I just watched an excellent documentary—LOVE a good documentary—on PBS called “Bridge the Gap To Pine Ridge.” Documentarian and host Chris Bashinelli spent some quality time among the Oglala Lakota on the Pine Ridge Reservation in South Dakota and set out to make a film about an American community made up of real people who would like the rest of the country to know “we’re just like you.” Unlike so many documentaries about contemporary American Indian life, this one focuses on community members taking care of their own, bucking the odds and making a difference. Toward the end, Bushinelli says that he went to Pine Ridge to try to help people, to make a difference for people living a hardscrabble life, and his experience turned out differently. The Lakota people helped him. They broadened his mind. They taught him. They made a difference in his life.
In the film we see a young would-be do-gooder from Brooklyn dive into activities like the good sport he is, and the people take him in, let him try his hand at killing and field dressing a buffalo for a feed, roofing a house, taking part in an activity program for children, working as a ranch hand (They get this New Yorker to PG test a cow!) among other activities. He comes to understand how hard the work can be and how much the people care about each other, not to mention how patient they are with well-meaning but naive East Coast dudes.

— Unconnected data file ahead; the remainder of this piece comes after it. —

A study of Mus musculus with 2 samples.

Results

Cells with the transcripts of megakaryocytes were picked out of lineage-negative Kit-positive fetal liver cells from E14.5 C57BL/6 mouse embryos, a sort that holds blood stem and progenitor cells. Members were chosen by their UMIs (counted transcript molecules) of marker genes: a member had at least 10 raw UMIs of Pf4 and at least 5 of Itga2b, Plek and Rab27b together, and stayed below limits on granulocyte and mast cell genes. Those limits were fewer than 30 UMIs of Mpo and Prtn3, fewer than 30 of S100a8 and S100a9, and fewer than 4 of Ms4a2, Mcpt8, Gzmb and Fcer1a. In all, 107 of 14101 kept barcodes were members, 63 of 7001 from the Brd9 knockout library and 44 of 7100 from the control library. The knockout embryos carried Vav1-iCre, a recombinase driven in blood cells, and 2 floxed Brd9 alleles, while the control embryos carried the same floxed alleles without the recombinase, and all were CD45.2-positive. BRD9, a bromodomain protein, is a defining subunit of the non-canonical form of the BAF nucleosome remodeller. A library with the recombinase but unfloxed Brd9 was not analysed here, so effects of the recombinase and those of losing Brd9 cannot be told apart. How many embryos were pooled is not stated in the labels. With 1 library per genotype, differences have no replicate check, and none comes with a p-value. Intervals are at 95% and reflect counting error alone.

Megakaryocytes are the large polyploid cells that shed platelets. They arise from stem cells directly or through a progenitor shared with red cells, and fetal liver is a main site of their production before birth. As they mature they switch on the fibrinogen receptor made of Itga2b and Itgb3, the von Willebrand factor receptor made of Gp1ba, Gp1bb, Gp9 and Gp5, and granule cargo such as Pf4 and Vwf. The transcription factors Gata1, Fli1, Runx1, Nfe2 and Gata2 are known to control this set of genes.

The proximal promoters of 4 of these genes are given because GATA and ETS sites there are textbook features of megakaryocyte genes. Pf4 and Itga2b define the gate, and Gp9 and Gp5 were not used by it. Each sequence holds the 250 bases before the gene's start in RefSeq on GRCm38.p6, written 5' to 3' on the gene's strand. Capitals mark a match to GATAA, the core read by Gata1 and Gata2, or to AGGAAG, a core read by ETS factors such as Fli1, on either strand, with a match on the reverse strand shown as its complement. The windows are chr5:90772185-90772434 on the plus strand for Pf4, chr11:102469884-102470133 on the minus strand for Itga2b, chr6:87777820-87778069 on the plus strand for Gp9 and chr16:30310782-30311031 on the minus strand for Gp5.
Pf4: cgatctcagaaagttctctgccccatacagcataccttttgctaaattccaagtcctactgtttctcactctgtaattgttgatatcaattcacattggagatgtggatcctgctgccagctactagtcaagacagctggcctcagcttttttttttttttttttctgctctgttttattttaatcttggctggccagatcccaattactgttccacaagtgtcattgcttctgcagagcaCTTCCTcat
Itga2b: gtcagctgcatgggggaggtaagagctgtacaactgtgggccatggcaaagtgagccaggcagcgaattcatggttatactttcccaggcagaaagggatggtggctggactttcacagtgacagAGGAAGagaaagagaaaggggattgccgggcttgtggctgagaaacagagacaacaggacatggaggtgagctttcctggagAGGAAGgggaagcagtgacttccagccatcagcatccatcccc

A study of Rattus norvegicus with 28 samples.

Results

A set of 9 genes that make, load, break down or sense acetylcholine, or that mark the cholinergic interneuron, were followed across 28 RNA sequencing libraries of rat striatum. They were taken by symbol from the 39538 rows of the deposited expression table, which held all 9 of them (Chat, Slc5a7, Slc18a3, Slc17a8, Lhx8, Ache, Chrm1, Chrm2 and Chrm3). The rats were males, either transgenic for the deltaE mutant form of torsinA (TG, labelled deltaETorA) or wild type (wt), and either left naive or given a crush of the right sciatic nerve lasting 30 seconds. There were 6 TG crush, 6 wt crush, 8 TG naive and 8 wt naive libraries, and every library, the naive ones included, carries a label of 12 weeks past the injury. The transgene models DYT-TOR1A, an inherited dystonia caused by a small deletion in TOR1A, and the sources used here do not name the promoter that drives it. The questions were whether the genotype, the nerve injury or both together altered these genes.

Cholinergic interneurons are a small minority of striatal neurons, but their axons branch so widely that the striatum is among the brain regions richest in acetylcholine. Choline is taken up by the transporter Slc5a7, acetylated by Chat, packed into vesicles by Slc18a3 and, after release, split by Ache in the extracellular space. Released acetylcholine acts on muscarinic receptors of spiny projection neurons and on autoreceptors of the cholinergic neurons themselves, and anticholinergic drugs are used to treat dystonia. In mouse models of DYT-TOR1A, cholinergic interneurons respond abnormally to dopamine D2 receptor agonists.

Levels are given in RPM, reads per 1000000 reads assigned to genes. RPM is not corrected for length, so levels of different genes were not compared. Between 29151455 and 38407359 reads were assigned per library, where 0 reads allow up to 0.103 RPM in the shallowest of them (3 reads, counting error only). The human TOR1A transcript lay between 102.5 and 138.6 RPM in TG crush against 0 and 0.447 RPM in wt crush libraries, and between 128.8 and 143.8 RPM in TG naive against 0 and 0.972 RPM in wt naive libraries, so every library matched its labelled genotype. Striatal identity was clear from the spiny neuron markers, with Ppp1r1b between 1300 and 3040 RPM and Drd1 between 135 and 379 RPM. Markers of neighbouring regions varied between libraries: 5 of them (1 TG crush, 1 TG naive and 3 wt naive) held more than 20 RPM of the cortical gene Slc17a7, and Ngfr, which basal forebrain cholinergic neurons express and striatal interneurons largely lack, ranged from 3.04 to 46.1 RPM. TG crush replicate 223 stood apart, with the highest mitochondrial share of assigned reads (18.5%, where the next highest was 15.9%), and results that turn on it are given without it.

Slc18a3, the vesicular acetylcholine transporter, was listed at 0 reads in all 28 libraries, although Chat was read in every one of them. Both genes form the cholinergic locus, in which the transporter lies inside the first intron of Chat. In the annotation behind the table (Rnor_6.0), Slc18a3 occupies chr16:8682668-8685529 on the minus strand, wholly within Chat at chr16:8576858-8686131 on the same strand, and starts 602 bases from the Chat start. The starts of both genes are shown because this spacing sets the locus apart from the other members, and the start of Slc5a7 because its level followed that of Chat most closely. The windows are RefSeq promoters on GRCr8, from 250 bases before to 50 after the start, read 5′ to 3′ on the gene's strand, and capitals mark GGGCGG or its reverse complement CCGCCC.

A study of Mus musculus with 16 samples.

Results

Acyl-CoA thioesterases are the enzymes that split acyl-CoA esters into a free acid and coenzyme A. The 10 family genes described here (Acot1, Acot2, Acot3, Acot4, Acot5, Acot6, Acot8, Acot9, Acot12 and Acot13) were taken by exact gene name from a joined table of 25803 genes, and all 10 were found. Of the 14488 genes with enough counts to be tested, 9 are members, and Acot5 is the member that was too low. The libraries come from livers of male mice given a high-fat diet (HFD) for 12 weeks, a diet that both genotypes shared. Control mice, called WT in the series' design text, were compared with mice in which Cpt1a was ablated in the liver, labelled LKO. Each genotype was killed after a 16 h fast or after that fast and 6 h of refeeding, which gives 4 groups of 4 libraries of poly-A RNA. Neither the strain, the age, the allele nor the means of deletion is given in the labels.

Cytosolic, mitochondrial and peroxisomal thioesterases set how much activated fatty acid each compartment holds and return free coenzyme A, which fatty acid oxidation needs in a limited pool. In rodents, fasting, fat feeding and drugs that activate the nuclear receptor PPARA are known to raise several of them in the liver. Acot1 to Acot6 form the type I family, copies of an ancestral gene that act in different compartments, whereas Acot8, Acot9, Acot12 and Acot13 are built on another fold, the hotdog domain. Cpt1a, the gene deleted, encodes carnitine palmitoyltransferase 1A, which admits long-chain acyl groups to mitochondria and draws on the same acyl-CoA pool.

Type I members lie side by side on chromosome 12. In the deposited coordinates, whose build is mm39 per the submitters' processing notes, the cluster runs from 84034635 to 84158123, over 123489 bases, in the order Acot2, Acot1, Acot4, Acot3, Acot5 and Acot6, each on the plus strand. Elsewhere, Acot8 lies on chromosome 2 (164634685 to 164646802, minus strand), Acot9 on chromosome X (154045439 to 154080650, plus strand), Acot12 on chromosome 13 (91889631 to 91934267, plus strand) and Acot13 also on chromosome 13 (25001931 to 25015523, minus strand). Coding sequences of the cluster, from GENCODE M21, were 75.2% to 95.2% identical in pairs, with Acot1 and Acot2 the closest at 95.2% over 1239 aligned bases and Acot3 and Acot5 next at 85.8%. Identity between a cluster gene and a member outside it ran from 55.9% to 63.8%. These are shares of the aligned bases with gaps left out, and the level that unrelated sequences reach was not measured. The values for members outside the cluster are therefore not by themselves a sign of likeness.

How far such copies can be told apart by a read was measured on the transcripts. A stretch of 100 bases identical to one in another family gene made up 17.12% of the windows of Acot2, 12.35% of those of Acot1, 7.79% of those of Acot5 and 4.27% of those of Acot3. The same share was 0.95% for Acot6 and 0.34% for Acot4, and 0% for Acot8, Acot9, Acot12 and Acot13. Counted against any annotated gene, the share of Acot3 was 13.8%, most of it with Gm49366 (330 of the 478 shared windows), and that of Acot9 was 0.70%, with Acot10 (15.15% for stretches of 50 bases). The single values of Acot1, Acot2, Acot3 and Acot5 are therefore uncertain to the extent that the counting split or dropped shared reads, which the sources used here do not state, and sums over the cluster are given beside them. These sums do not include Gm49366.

Oh, do I know this story first-hand. I spent my first summer among the Hunkpapa Lakota on Standing Rock Reservation—north of Pine Ridge straddles the North and South Dakota state lines—when I was in college, well, quite some time ago. There have been changes, yes, but there’s so much that hasn’t changed. The people are still wonderfully patient with us naive East Coast dudes. Of course, I’m an Eagle now, and have been for many years, but my role as the straight man for Indian humor abides. I, too, wanted to help. I thought I knew how. I had a wonderful Mount Holyoke education, and I was eager to share. Ah, but I had much to learn about sharing. No one does it better than American Indian people. So Now I write. Humbly, i think. Respectfully, I hope. Like Chris Bushinelli, I’m a non-Indian who has stories to tell, mostly to the people I grew up with about a world most of them will never really see. American Indian reservations tend to be way off the beaten path. My medium is fiction. Bushinelli’s is one that, done well, is as entertaining as it is informing, and like me, he tells the story through the likes of ordinary people. Take 60 seconds for this preview. There are more clips where this came from.
In one of my favorite scenes, Bushinelli plays basketball with the women’s team at the community college. Basketball is the sport on the reservation, and I’m a fan. I wrote What the Heart Knows with that in mind and dedicated it in memory of one of my students the first year I taught at the high school at Standing Rock and of my father, who was also a high school basketball player. The hero of my story is a retired NBA player, and the heroine is a dealer at the casino. It’s a “secret baby” story, but the story begins with a murder. No dull moments, to be sure.
Do you look to TV for educational stuff? History? Science? Biography? Nature? Society and culture? Have you seen anything lately you’d recommend?